I was lucky enough to head to Boston this weekend for the MIT Sloan Sports Analytics Conference and, in case you missed it, filed these two reports:
Chemistry matters. Perhaps the most interesting conclusion of the first research presentation was the effect that roster continuity can have on NBA playoff success. While there is no statistically significant tie to continuity and regular season wins, keeping the same team intact (for the most part) can add an extra few wins to your postseason ledger. Obviously this doesn't lead to any sort of black-and-white "DON'T MAKE ANY MOVES!" conclusion, but it does suggest that there is value in not making moves you don't have to make. [...]
The Internet has been huge. As James put it, "I was basically blogging before people were blogging." In his first four years writing his abstract, selling it through an ad in the back of the Sporting News, he never once sold even 1,000 copies. His trajectory picked up after a Sports Illustrated profile, but he was still having only so much of an impact after a decade. But in the last decade, the Internet has been very, very good for both James and the proliferation of sports statistics. The reasons are obvious: 1) It is so incredibly easy to find like-minded individuals in the Internet age, and 2) wow, is there so much data readily available today. Hell, Jeff Luhnow referenced Fangraphs.com during the "Baseball Analytics" discussion. That alone says something. It's a good time to be a nerd, and that was constantly reaffirmed on the conference's first day.
Behold the Flying 20. Back at "Football Analytics," while Roth was begging to dump the 40-yard dash forever and always, Marathe pointed out that there does appear to be a drill better suited for evaluating receivers than the 40: the "Flying 20," which is the second half of your 40, once you have reached full speed. He said it will tell you a lot about their ability to separate from a defender. I personally would have to think that acceleration time (the first 20) would still matter, too, but it was an interesting point, one that I am sure will be discussed at Football Outsiders.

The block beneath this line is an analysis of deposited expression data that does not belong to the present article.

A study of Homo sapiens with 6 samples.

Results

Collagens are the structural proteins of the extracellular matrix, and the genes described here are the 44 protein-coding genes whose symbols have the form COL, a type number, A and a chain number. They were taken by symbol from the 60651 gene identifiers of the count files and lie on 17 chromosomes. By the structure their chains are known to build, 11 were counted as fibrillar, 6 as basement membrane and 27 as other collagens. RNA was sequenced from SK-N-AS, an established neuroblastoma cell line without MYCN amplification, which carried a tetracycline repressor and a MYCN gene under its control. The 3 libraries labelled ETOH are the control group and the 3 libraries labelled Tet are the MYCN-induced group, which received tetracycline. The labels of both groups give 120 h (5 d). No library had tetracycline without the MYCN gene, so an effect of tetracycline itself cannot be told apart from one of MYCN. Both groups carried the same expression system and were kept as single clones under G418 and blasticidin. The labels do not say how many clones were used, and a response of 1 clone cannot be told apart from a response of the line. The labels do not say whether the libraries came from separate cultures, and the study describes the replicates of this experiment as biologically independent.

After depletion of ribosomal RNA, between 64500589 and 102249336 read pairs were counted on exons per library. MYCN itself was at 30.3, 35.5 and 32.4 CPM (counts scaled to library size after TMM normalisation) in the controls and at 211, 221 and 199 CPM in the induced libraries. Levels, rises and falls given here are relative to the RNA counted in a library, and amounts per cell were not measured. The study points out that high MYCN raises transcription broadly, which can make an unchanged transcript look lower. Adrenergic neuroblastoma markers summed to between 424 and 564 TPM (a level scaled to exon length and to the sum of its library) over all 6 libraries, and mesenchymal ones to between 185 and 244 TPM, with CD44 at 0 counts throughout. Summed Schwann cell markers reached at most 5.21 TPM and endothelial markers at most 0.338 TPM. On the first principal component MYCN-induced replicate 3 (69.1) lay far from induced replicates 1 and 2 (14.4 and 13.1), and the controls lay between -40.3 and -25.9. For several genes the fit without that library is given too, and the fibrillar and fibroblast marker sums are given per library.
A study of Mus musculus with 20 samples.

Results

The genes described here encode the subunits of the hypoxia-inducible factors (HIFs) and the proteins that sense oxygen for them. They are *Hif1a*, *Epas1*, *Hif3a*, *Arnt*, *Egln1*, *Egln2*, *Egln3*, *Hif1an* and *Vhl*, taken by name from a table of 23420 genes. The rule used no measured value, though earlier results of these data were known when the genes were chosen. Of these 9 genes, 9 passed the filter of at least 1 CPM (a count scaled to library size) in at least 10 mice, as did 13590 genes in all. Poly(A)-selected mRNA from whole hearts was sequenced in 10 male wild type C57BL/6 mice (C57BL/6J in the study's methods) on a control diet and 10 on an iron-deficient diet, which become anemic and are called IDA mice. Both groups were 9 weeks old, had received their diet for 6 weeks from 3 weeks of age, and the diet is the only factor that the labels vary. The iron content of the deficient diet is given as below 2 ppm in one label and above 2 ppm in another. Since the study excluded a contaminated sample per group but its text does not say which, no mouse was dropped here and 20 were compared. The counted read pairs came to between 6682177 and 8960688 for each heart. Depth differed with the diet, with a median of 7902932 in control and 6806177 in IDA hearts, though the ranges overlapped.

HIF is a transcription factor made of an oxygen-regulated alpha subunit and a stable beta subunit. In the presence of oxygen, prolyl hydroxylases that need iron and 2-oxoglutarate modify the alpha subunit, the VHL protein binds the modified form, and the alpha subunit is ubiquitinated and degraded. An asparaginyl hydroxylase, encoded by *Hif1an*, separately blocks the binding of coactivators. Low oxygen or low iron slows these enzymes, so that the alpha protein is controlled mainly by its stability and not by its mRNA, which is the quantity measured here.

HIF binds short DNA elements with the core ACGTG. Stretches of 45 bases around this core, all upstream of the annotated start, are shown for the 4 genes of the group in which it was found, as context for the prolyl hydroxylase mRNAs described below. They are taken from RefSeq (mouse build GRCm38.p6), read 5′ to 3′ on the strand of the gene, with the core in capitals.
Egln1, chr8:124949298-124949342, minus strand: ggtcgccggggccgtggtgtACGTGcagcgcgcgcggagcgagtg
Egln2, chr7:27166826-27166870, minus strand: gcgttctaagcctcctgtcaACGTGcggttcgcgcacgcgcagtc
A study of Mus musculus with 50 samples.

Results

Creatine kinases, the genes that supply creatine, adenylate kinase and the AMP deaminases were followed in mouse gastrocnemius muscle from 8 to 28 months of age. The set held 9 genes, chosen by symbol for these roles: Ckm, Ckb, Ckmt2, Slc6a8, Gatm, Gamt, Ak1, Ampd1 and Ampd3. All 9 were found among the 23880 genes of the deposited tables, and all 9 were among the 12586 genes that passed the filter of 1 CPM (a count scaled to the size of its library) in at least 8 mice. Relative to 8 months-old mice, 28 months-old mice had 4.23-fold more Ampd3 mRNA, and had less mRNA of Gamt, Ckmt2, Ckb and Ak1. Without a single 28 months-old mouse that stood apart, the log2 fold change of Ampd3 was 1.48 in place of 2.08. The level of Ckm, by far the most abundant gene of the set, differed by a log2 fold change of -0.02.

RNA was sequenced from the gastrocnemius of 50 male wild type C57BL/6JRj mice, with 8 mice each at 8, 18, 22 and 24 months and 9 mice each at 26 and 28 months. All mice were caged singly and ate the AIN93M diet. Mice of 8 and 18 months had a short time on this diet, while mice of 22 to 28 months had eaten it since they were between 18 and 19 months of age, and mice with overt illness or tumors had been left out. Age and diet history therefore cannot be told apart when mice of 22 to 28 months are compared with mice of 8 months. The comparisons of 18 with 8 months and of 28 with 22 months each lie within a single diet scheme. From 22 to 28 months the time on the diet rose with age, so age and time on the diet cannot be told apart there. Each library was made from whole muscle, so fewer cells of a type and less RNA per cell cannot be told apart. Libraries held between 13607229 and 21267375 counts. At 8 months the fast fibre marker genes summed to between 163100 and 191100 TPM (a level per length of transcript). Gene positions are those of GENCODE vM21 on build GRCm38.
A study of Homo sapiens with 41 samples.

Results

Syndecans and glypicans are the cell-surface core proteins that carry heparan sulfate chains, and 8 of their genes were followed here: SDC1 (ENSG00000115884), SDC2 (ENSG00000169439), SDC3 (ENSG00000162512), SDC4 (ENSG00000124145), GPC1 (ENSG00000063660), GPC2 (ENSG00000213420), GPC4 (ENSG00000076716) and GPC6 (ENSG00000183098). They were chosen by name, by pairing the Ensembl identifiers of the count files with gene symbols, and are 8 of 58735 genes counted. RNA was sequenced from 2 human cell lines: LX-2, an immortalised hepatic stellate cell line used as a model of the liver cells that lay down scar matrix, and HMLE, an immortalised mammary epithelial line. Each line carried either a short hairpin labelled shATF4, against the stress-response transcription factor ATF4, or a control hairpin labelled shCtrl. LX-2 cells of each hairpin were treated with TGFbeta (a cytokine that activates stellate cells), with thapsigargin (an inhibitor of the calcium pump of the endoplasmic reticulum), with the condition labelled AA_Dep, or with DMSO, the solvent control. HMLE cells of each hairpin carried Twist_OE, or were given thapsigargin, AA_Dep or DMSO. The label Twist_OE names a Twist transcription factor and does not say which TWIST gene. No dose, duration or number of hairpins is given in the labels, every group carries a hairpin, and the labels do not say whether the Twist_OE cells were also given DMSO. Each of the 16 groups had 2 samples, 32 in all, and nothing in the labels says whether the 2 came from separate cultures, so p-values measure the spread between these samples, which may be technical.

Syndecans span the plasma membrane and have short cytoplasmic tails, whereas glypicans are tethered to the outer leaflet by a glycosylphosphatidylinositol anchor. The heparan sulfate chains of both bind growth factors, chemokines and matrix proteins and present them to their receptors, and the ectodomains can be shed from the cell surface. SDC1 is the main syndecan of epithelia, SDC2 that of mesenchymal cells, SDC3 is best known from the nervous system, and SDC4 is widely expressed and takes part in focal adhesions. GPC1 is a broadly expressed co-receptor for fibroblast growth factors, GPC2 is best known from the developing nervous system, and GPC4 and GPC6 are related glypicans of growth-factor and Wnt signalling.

ESPN is by far the best thing going for sports statistics today … and also kind of the worst. Their influence was inescapable. The Worldwide Leader in Sports had employees on every panel, banners and tables in the hallways … they were omnipresent. And in some ways, that is fantastic. The bottom line is that analytics are not exactly an amazingly profitable topic but the company is pursuing it anyway, in part because it is good for the fans. To be sure, without ESPN's (and, in particular, Bill Simmons') influence, the conference would not have grown at its current near-exponential rate (from 175 attendees five years ago to 2,200 with a waiting list this year). Every nerd should appreciate what ESPN has done in this regard. At the same time, however, there was also an inescapable heavy-handedness at play, both in the omnipresent nature of the ESPN logo and in the way fans have been pummeled by new ESPN measures like Total QBR and the new college Basketball Performance Index (BPI). The approaches to these measures has been rather sound -- ESPN's analytics team, led by Dean Oliver, discussed the makeup of and lessons learned from the QBR rating in a panel Saturday afternoon -- but the delivery of these measures was so forceful, so absolute ("This is better than any measure you've ever seen, and you must use it") that it rather quickly turned off much of its target audience, nerd skeptics. When you are omnipresent and influential, you can get away with this, but it is not difficult to shift from benefactor to overlord, and ESPN toes the line every day. Still, their influence on this conference was almost certainly a net positive.
It's pretty clear to me at this point that a) basketball analytics have simply caught fire, and b) football still has a ways to go. Honestly, from what I could tell, the football discussion has kind of stagnated a bit -- plenty of really interesting conversations to be had, but no major breakthroughs in terms of the ways fans watch the game. (And no, Total QBR is not an amazing breakthrough, even though it really is a pretty nice measure.) I think there's still momentum, just judging by the number of people who stopped to say hi to Aaron Schatz over the course of the weekend, but there is certainly still work to be done.
Meanwhile, I'm hoping to get the ball rolling for a College Football Analytics panel at SSAC in the future, but we'll see how that goes.
Anyway, fun weekend. Now it's back to work.
(Note: apologies for the recent lack of Study Hall posts. I've been working behind the scenes to set up this year's 2012 football previews, and it's been quite a bit of work. I'm pretty sure you're going to like the way we do the profiles this year, though; I know I do. Hopefully it will be worth the absence.)